You don't have to spend a fortune in order to have a fun night on the town in Louisville. There are a ton of free things to do in Louisville if you know where to go. The following attractions are all things you can do in Louisville without spending a dime.

21C Museum Hotel Art Gallery

(c) 2008 Michael Maupin
The 21c Museum Hotel is one of Louisville's most interesting downtown establishments. It is a hotel, art gallery, and restaurant all in one building. The 21C Museum Hotel Gallery is a 9000 sq. ft. art museum that maintains a blend of both permanent and revolving installations in a number of different mediums. It is open to the public 24 hours a day, 7 days a week.

Free Shows at Actors Theatre

(c) 2008 Michael Maupin
Each year, Actors Theatre chooses 22 aspiring stage actors from a pool of more than 2,000 to join their Apprentice Company. The Apprentice Company puts on its own season of plays that are free to the public. These plays run from mid-August to early May. For ticketed shows, tickets must be requested through the Actors Theatre Box Office. For non-ticketed shows, you can just arrive on location and enjoy the program.

Jim Beam American Outpost

A trip to the Jim Beam American Outpost allows you to experience the making and history of one of Kentucky's signature products -- bourbon. At the Jim Beam distillery, you can watch a movie about the history of the Beam family, see how Jim Beam bourbon is made, and see how the Jim Beam bottles have changed throughout the years. Best of all, there is no charge for any of these activities at the Jim Beam American Outpost, though you'll probably want to bring some money for a bottle of bourbon.

Louisville Nature Center

The Louisville Nature Center is a place where people can explore, learn about, and enjoy nature. The Louisville Nature Center features butterfly and dragonfly gardens, wildlife exhibits, and hiking through Beargrass Creek State Nature Preserve, as well as a variety of children's activities. While visiting the Louisville Nature Center, you can explore the outdoor nature preserves and wildlife exhibits, or you can engage in learning activities in the indoor museum area.

The Museum at the American Printing House for the Blind

© 2009 Jessica Elliott
The Museum at the American Printing House for the Blind houses items that help visitors explore the history of education for the blind in America. Both admission to the museum and guided tours of the factory are free. Unlike the rules at most museums that discourage visitors from touching the exhibits, visitors to the Museum at the American Printing House for the Blind are encouraged to touch the exhibits in order to better understand the experiences of the blind.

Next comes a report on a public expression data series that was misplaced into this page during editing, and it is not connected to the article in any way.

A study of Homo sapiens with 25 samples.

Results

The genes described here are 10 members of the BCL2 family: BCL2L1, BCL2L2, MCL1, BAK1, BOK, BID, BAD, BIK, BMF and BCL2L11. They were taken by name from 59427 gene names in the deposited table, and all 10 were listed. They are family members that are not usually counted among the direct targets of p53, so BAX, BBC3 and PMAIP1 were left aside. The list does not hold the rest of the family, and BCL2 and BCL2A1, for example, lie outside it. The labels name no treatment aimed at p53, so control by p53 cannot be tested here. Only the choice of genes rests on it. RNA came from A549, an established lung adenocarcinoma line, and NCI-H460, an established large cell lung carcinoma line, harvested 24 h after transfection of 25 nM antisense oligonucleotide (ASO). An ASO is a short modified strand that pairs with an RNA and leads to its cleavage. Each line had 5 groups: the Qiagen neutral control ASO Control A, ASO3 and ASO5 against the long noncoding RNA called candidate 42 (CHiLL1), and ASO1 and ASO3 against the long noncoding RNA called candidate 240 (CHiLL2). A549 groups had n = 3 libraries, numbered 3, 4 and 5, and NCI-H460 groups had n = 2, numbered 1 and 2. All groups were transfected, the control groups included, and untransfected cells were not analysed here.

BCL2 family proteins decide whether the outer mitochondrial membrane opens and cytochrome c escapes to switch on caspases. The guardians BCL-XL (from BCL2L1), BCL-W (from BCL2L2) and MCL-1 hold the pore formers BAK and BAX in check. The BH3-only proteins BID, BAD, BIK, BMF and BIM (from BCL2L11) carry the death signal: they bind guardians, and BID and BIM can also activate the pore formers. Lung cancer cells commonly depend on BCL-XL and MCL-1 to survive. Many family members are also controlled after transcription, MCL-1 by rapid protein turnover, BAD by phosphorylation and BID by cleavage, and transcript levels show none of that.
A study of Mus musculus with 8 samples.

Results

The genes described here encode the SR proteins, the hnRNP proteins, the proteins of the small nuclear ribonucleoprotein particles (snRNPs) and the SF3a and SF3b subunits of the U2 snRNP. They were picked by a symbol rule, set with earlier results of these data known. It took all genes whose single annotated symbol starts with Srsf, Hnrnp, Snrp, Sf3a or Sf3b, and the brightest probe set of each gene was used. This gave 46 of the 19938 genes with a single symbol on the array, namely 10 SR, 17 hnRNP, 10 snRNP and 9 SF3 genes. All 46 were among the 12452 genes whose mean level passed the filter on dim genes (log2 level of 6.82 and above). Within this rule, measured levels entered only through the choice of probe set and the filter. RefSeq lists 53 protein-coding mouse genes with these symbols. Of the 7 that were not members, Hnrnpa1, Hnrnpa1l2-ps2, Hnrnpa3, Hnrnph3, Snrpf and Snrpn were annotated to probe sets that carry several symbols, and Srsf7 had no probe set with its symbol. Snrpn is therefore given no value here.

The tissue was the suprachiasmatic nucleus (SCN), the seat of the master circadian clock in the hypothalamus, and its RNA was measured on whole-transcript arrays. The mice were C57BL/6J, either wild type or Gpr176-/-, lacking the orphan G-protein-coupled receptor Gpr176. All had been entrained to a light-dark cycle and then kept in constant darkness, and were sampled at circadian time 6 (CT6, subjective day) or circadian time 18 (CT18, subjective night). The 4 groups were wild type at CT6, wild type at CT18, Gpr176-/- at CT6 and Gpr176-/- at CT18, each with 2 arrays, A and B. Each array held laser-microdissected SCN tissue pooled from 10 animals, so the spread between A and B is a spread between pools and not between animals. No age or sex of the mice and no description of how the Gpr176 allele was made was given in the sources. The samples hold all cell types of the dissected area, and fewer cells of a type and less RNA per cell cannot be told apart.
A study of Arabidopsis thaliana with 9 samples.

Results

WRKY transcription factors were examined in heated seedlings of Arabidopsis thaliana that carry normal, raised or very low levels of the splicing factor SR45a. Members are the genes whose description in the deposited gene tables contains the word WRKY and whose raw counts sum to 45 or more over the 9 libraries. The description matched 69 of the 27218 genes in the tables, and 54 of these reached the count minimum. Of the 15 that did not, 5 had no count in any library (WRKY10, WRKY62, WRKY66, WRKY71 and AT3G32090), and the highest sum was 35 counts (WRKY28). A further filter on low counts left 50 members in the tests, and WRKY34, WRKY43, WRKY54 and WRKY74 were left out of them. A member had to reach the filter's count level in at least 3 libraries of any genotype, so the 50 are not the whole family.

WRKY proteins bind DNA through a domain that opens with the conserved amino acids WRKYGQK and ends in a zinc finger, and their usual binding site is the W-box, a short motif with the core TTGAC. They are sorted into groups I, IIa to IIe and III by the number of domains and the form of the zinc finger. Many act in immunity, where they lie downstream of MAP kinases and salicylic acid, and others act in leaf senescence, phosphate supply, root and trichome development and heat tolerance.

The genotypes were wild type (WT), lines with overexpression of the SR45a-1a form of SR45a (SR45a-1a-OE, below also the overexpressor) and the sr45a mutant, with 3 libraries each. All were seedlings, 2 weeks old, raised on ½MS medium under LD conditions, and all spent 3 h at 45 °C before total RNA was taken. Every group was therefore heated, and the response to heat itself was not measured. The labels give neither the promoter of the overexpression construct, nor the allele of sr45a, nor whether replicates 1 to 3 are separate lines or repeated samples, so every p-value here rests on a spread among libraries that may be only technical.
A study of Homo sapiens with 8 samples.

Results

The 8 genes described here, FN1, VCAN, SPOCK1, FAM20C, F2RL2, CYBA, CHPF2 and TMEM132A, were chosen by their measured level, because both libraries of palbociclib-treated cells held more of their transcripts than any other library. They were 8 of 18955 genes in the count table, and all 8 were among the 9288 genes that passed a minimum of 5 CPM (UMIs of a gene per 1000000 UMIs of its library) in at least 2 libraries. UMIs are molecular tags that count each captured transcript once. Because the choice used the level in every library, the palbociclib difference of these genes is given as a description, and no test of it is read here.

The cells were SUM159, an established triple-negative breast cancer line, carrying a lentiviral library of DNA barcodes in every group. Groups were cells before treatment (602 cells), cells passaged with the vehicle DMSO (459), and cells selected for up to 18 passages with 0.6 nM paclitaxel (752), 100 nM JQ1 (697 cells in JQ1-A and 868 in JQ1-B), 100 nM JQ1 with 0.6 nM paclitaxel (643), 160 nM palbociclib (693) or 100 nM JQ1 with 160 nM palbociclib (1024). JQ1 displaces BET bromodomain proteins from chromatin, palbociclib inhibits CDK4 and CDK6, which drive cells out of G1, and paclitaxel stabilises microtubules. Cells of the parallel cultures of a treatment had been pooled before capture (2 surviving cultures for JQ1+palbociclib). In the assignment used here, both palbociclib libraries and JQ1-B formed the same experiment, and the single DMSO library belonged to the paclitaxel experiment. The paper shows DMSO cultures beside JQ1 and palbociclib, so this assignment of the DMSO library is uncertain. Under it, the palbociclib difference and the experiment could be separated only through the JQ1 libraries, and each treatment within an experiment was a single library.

Cave Hill Cemetery

(c) 2008 Michael Maupin
Cave Hill Cemetery is listed on the National Register of Historic Places. It is a Victorian-era cemetery and arboretum that is open to the public. Cave Hill is a pleasant and photogenic place where people go for the lovely scenery and intricate gravestones as well as to visit their deceased loved ones. The land is home to a cave, lakes, and the graves of many famous Louisvillians, including KFC founder Colonel Sanders.

Carnegie Center for Art and History

The Carnegie Center for Art and History is an art gallery and history museum located in New Albany, Indiana. The center has two permanent exhibits. The first, Grandpa Makes a Scene: The Yenawine Dioramas, is a set of hand-carved, fully mechanized dioramas. The second, Ordinary People Extraordinary Courage: Men and Women of the Underground Railroad, is a multimedia exhibit that tells the story of two groups of people living in antebellum Kentuckiana. The center also has several revolving exhibits as well as workshops and classes for both children and adults.

The Filson Museum

The Filson Historical Society Museum, located in the carriage house behind the Ferguson Mansion, houses artifacts that are important to Kentucky's history. Some of the items that are on exhibit at the Filson Museum include a sheep horn that was brought back from the Lewis and Clark expedition, Jim Porter's musket, and Daniel Boone's "Kill a Bar" tree carving, as well as many Civil War artifacts and an art collection. The public can tour the house and museum for free.

Jeffersontown Historical Museum

The Jeffersontown Historical Museum houses pieces of J-Town history. Some of the items at the Jeffersontown Historical Museum include military exhibits, historical artifacts, and an exhibit of folk dolls. The museum is open Monday through Friday from 10 a.m. to 5 p.m. Like all of the other attractions on this list, admission to the J-Town Historical Museum is free.

851 Mansion

The 851 Mansion is tucked inside of the administration building at Spalding University. This historic mansion has been designated as a Kentucky landmark and is listed on the National Register of Historic Places. Free, self-guided tours of the mansion are available when Spalding University classes are in session. The 851 Mansion's architecture and furnishings represent nearly 150 years of history.